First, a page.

On Thursday, Japan-based BOOSTRY launched the website of its open-source initiative, ibet. Through ibet, the blockchain bonds firm plans to release its token templates, smart contracts, and trading code to the public.
BOOSTRY was established in September as a joint venture between financial services firm Nomura (66%) and tech provider Nomura Research Institute (NRI) (34%). With a capital of $11 million, the initiative hoped to use blockchain to streamline securities trading, particularly corporate bonds.
Meanwhile, ibet was first mentioned by Nomura in last year’s financial report, only as a “new platform that links issuers with investors”. This was before BOOSTRY, the idea may have changed. Now, it is “a platform that uses blockchain technology to issue and trade various digitized rights including financial products,” according to its website.
Currently in private beta, ibet was built by BOOSTRY’s developers to open-source its software through a consortium blockchain. To join, users must contact BOOSTRY for approval to run a participant node, though the firm plans to involve more companies as node operators. These companies may be issuers using ibet to link with investors, as was previously intended.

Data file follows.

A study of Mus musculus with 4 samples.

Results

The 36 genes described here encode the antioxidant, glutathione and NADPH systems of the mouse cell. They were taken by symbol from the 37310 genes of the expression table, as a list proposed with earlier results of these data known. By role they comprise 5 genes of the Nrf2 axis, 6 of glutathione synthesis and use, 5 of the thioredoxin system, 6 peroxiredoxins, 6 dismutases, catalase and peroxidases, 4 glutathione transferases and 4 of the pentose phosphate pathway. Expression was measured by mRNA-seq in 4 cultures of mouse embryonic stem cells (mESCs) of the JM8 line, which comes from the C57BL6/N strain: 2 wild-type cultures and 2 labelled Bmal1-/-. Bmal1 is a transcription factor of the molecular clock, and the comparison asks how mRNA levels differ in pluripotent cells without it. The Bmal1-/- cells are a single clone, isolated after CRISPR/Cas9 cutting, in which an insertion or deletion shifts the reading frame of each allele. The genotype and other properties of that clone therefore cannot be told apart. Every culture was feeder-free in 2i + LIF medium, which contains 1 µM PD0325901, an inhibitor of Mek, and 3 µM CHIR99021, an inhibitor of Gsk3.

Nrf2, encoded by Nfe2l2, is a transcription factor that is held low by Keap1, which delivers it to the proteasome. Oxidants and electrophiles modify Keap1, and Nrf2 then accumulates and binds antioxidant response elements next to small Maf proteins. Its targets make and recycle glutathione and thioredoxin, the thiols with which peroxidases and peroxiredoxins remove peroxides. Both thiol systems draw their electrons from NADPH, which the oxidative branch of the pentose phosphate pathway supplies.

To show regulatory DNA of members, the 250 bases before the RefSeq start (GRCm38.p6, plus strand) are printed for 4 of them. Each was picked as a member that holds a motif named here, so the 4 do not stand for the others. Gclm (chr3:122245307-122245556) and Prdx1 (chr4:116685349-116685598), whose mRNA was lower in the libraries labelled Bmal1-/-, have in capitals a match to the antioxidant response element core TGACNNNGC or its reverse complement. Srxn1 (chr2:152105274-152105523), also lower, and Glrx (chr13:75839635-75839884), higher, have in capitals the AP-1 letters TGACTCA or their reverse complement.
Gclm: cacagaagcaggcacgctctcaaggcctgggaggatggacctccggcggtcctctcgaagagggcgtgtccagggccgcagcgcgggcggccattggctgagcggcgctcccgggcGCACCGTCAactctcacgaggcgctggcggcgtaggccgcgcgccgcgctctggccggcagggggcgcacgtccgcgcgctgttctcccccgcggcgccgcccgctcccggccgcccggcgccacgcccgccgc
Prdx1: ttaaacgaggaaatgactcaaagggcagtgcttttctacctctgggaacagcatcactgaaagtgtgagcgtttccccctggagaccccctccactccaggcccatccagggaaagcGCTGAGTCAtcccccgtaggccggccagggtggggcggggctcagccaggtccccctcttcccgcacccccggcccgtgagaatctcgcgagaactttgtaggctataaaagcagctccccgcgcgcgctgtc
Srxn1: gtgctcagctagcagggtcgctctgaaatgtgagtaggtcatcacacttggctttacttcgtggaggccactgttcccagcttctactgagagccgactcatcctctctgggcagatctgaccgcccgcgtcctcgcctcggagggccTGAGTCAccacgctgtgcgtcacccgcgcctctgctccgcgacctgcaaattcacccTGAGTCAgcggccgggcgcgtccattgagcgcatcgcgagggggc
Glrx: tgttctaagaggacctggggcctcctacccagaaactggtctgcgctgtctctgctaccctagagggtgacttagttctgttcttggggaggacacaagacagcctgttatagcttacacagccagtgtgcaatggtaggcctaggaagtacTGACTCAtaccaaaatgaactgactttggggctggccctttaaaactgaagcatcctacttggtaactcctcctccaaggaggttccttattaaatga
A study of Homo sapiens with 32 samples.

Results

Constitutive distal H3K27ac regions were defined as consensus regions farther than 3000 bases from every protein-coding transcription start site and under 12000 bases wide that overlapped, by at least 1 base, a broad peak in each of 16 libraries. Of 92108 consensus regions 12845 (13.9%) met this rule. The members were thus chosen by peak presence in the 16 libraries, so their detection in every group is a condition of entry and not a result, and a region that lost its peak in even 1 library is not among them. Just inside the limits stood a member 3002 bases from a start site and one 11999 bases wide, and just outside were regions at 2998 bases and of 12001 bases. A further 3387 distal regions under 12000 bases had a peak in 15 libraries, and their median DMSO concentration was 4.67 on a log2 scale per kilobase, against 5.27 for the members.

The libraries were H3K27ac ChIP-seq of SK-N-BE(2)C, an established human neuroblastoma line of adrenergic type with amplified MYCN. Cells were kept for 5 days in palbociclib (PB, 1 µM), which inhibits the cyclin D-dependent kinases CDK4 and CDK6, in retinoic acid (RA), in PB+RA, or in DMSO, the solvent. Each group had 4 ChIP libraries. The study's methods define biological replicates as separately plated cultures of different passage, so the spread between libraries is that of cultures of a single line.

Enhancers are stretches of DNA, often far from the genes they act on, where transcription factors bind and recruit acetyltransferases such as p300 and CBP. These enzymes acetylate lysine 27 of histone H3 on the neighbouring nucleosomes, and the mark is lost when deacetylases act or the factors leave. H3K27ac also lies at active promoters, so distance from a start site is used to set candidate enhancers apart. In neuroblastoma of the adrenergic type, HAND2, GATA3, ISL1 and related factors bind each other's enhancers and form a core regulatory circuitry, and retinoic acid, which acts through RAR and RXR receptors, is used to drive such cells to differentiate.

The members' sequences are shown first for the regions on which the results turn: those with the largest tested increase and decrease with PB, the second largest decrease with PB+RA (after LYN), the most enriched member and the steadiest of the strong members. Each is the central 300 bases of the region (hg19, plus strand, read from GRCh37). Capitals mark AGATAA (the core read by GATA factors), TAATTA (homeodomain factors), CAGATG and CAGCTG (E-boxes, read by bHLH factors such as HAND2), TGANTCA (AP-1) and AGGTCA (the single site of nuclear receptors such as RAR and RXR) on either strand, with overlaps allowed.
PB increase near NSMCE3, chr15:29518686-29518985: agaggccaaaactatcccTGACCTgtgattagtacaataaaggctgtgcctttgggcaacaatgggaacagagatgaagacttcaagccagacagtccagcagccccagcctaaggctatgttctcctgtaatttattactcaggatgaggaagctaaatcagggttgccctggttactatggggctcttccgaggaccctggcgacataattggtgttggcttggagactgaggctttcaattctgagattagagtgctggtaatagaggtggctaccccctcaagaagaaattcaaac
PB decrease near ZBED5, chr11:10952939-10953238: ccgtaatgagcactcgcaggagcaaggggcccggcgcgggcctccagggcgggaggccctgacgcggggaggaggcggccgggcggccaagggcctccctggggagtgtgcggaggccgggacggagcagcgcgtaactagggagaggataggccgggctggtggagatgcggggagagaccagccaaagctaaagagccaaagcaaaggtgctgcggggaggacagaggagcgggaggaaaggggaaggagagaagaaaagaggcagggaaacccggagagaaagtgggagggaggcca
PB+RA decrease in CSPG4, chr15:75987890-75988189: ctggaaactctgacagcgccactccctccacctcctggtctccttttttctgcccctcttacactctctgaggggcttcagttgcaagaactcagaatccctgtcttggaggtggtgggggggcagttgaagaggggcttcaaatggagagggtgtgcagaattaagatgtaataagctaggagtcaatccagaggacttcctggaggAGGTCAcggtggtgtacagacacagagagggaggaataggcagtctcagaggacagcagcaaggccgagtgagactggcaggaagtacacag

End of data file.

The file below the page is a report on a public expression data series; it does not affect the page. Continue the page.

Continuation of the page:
Technical specifications and source code will be released “soon”, allowing anyone to use the software on their own rights trading project. Types of tokens and trading rules will be standardized in smart contracts for ease of use. As the site explains: “The [BOOSTRY] development community will build an open development system with the aim of improving the publicness and transparency of the platform.”
The joint venture uses Digital Asset’s smart contracting language DAML, but it is unconfirmed whether the materials offered through ibet will too.
BOOSTRY and ibet are far from the firms’ first blockchain project. Nomura is an early supporter of R3, a governing member of Hedera Hashgraph, and has a separate joint venture with Ledger. It first worked with NRI, of which it owns a third, on blockchain in 2015 for equities.
The news comes two weeks after Nomura’s competitor, MUFG, established a blockchain consortium for researching security tokens. Members include Mitsubishi, Accenture, and KPMG. Like BOOSTRY, the emphasis is on corporate bonds.